Lack of bus park at city centre stresses commutersPeople who need to travel to the outskirts of Kathmandu are troubled in the absence of a proper transport management system in the Capital.
Ganapati Shrestha, a native of Jhonchhe, Basantapur, does not own a private vehicle and takes the public transport for his commutes. But the removal of the temporary bus park from Khula Manch a year and a half ago is aggravating his miseries as the bus timings have gone haywire.
“For the past few months, I have to reach Thimi for work, every day. I walk up to Sahidgate or Ratnapark, but I am not sure whether I would get a public bus,” said Shrestha, 33, who has made a name for himself in Kathmandu in heritage conservation.
Like Shrestha, Rajyalaxmi Adhikari, who is originally from Banepa, said that she often panics while boarding a bus to her hometown from the Capital.
“As there is no bus park, I usually have to go to the western gate of Khula Manch to board the bus. But sometimes, traffic police don't allow the buses to stop there,” said Adhikari, who teaches at a private school in Samakhushi.
She goes to her hometown on weekends.
“It’s really difficult to get a bus. If only there was a bus park, it would be easier for a person like me,” said Adhikari, 27, from Banepa Municipality-3.
Kathmandu Metropolitan City, the country’s capital and the largest city, has not had a bus park for short- and medium-route buses for more than a year. This has caused inconvenience to hundreds of thousands of commuters.
People who need to travel to the outskirts of Kathmandu—places like Dhulikhel, Sundarijal, Naikap and Panauti—are suffering in the absence of a proper transport management system in the Capital.
“It’s mainly the elderly, pregnant women, sick and ailing people who are more hassled because of us not having a bus park,” said Yogesh Kumar Khadgi, the Ward-27 chairperson. Bir Hospital, the country’s oldest, falls in his ward where every day more than 500 patients come for treatment. They share the same predicament as other daily commuters.
Until last year, the Kathmandu Metropolitan City used Khula Manch, the open theatre, as a bus park. On April 28, the city padlocked Khula Manch following numerous protests by heritage activists, locals, and citizen-led groups, who had been calling for vacating the place since 2019.
“It’s good that the bus park has been removed from the historic Khula Manch site, but shouldn't the city mayor take an initiative to reestablish the old (Purano) bus park?” questioned Shrestha, the conservationist.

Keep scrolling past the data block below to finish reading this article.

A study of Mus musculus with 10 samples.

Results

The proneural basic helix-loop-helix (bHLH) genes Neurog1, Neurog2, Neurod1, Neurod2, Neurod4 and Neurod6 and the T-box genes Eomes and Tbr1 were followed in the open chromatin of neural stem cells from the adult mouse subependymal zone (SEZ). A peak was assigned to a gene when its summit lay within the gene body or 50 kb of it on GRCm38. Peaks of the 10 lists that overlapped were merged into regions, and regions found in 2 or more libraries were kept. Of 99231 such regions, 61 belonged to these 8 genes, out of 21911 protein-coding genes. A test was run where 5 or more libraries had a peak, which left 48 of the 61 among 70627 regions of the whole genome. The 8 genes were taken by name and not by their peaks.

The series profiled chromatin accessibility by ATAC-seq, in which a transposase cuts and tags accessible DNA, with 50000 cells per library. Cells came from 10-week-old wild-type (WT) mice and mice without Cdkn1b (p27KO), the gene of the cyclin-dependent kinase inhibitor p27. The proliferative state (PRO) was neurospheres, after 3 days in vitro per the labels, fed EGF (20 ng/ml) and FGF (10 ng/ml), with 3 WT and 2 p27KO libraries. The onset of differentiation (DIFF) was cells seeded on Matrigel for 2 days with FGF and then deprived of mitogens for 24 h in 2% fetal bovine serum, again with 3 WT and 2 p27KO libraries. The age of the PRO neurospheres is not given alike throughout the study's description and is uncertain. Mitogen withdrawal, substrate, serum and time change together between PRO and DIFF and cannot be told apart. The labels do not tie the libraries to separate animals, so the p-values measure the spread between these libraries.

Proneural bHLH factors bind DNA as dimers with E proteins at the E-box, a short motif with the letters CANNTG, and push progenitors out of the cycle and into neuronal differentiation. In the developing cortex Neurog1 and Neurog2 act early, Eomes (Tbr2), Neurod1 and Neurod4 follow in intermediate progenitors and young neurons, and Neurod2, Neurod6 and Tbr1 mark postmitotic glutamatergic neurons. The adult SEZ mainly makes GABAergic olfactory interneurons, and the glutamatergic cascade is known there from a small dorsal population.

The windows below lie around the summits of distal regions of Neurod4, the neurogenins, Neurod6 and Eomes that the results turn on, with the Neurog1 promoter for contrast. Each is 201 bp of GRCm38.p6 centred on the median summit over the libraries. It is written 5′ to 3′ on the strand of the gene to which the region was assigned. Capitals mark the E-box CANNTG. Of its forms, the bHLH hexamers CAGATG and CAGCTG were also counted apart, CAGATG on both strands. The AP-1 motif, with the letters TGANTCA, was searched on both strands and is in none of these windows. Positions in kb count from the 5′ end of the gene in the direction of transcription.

In 2016, the City decided to use half of the Khula Manch as a bus park to facilitate the construction of the View Tower at the Old Bus Park. The City had planned to use the tower’s basement and first floor as a bus terminal.
The initial plan was to use Khula Manch as a temporary bus park for six months, but due to the lack of an alternative site in the Capital, the bus park operated from Khula Manch for more than five years.
The View Tower is being built on a build-own-operate-transfer basis by Jaleshwar Swachhanda Bkoi Builders Pvt Ltd. According to the original contract, the company was to complete the construction in five years, operate the property for 30 years and then hand it over to the Kathmandu Metropolitan City. But the contractor has already missed the deadline and has secured an extension of the contract, according to City officials.
“The Bkoi Builders had announced to use the ground and first floors of the building as a bus park, but it has made it a building of nine floors and still we haven’t got a bus park,” said Shrestha.
“Kathmandu’s mayor is aggressivley demolishing illegal structures. Shouldn’t he take action against the contractor who has occupied the space of the Old Bus Park for years and has failed in its commitments?” he said.
Although the City has applied a ‘pick and drop system’ for buses to Banepa, Panuati, and Sundarijal from Bir Hospital; safa tempos [electric three-wheelers] and micro buses are not well regulated.
“People from the New Road sometimes need to walk up to Lainchaur or Shahid Gate to board public vehicles. This has greatly inconvenienced a large number of people,” said Khadgi, the Ward-27 chairperson. “I will raise this issue at our next board meeting.”
It’s not only the locals or daily commuters who are complaining.
Those who like to walk for their health have also criticised the inability of the City to make a bus park for Kathmandu.
“It’s really a matter of shame that Kathmandu does not have a bus park,” said Krishna Gyawali, a former government secretary, who usually walks or boards only public vehicles.
“A month ago the contractor of the View Tower gave us a commitment that he would soon open a bus park of three floors, starting from the ground floor,” said Sunil Lamsal, a member of Mayor Shah’s Secretariat. He also said the bus park in the Kathmandu View Tower will be completed by mid-March next year.
“We have been closely watching it,” said Lamsal.